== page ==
The African savanna is world famous for its wildlife, especially the iconic large herbivores such as elephants, zebras, and giraffes. But managing these ecosystems and balancing the interests of the large charismatic mammals with those of other species has been a perpetual challenge for park and game mangers. Now a new study published in the Proceedings of the National Academy of Sciences reports the successful test of new remotesensing technology to monitor the impact of management decisions on the savanna ecosystem.
"These African savannas are extremely complex," said lead author Gregory Asner of the Carnegie Institution's department of global ecology. "On the ground they are notoriously hard to assess in terms what management decisions, such as controlling fire and large herbivore populations, are doing to the entire ecosystem.
" The aircraft-based Carnegie Airborne Observatory (CAO) combines a laser-based 3-D mapping system with high-fidelity imaging spectrometers to create detailed 3-D maps of vegetation over large areas at high resolution (approximately 50 centimetres). For this study, the research team surveyed the vegetation of about 4,000 acres of savanna in Kruger National Park, South Africa. Included in the survey were areas of different soil types and experimental plots where all herbivores larger than a rabbit had been excluded for periods of up to 41 years, allowing researchers to discern the effects of both soils and large herbivores on savanna vegetation.
Not surprisingly, the CAO survey found less plant growth and more bare ground in areas where large herbivores had been allowed to graze, compared to areas from which they had been excluded. But the 3-D mapping capability of the CAO revealed differences in the structural complexity of vegetation between herbivore and herbivore- free areas. This has implications for the types of other species these areas are likely to support. And by quickly and precisely quantifying the vegetation differences from the air, the CAO team demonstrated the potential of the new technology as a management tool.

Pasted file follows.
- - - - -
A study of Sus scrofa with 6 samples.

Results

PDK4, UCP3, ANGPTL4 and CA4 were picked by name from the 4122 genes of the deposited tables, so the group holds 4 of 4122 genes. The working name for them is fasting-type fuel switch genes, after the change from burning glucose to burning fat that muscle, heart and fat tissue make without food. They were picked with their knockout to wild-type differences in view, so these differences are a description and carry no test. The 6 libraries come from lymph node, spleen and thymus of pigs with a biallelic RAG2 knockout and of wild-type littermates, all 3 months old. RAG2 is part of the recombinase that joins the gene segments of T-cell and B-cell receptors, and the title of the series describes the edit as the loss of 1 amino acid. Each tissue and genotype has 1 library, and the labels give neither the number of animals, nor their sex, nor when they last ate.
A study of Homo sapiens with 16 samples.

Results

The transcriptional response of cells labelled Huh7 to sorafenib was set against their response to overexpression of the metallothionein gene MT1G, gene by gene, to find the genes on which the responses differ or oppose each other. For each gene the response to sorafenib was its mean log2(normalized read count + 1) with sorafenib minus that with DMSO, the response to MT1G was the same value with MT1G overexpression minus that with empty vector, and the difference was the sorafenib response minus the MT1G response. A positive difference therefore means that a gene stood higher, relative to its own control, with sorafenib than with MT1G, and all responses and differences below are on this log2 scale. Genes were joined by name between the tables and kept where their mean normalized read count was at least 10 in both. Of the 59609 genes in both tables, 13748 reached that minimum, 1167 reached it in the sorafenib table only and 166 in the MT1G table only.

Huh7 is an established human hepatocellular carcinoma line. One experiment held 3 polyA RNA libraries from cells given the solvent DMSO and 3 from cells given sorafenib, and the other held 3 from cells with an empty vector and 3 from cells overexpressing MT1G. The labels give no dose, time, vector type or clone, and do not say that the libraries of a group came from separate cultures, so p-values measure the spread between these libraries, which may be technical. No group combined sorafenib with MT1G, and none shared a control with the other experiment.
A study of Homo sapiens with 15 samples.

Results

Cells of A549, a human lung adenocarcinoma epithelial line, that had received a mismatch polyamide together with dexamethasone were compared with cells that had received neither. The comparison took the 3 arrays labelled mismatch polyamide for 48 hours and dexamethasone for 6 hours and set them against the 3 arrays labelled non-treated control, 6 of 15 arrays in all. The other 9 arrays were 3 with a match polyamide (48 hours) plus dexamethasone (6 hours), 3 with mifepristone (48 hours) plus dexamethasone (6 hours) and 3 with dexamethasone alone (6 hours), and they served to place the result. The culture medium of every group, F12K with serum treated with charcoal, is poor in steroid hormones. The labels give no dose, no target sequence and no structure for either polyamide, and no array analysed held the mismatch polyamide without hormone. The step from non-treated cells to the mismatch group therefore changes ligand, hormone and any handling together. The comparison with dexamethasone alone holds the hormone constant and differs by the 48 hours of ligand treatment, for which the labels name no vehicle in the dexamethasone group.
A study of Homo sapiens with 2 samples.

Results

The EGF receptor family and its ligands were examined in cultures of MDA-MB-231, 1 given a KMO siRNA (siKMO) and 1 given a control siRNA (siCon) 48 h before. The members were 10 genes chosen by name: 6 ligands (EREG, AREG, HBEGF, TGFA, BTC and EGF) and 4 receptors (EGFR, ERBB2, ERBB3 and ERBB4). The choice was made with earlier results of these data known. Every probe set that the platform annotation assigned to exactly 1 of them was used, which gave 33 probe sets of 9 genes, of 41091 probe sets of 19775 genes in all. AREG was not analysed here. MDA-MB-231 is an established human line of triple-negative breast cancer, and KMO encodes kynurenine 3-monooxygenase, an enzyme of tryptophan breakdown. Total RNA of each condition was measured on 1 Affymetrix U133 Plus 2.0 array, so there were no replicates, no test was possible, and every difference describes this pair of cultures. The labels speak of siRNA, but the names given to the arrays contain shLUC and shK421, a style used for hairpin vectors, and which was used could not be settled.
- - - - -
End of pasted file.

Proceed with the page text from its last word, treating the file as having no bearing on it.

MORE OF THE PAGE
"We are really creating a new way to do ecology," said co-author Shaun Levick. "What we're doing is collecting data for thousands of acres at extremely high 3-D resolution and getting clear answers for the first time as to what different management decisions do in the ecosystem.'
Among the surprises in the study's results is that the impact of the large herbivores on vegetation cover is highest in areas where the soil had the highest concentration of nutrients, not areas with poor-quality soil. The researchers interpret this to mean that herbivores concentrate their feeding in areas of high-quality forage, so these areas suffer a disproportionate impact.
The team is preparing a similar study on the effects of fire on savanna vegetation in Kruger Park, according to Asner. "There have been decades of excellent ground- based research on how different policies regarding fire and wildlife management play out," said Asner. "But the savanna ecosystem is spatially very complicated. With the CAO I think we're getting a picture of the large-scale impact of management decisions. That's what makes this series of stud- ies unique."
This research was funded by a grant from the Andrew Mellon Foundation. The Carnegie Airborne Observatory is supported by the W. M. Keck Foundation and William Hearst III.
The Carnegie Institution has been a pioneering force in basic scientific research since 1902. It is a private, nonprofit organization with six research departments throughout the U.S. Carnegie scientists are leaders in plant biology, developmental biology, astronomy, materials science, global ecology, and Earth and planetary science.
The Department of Global Ecology, located in Stanford, California, was established in 2002 to help build the scientific foundations for a sustainable future. Its scientists conduct basic research on a wide range of large-scale environmental issues, including climate change, ocean acidification, biological invasions, and changes in biodiversity.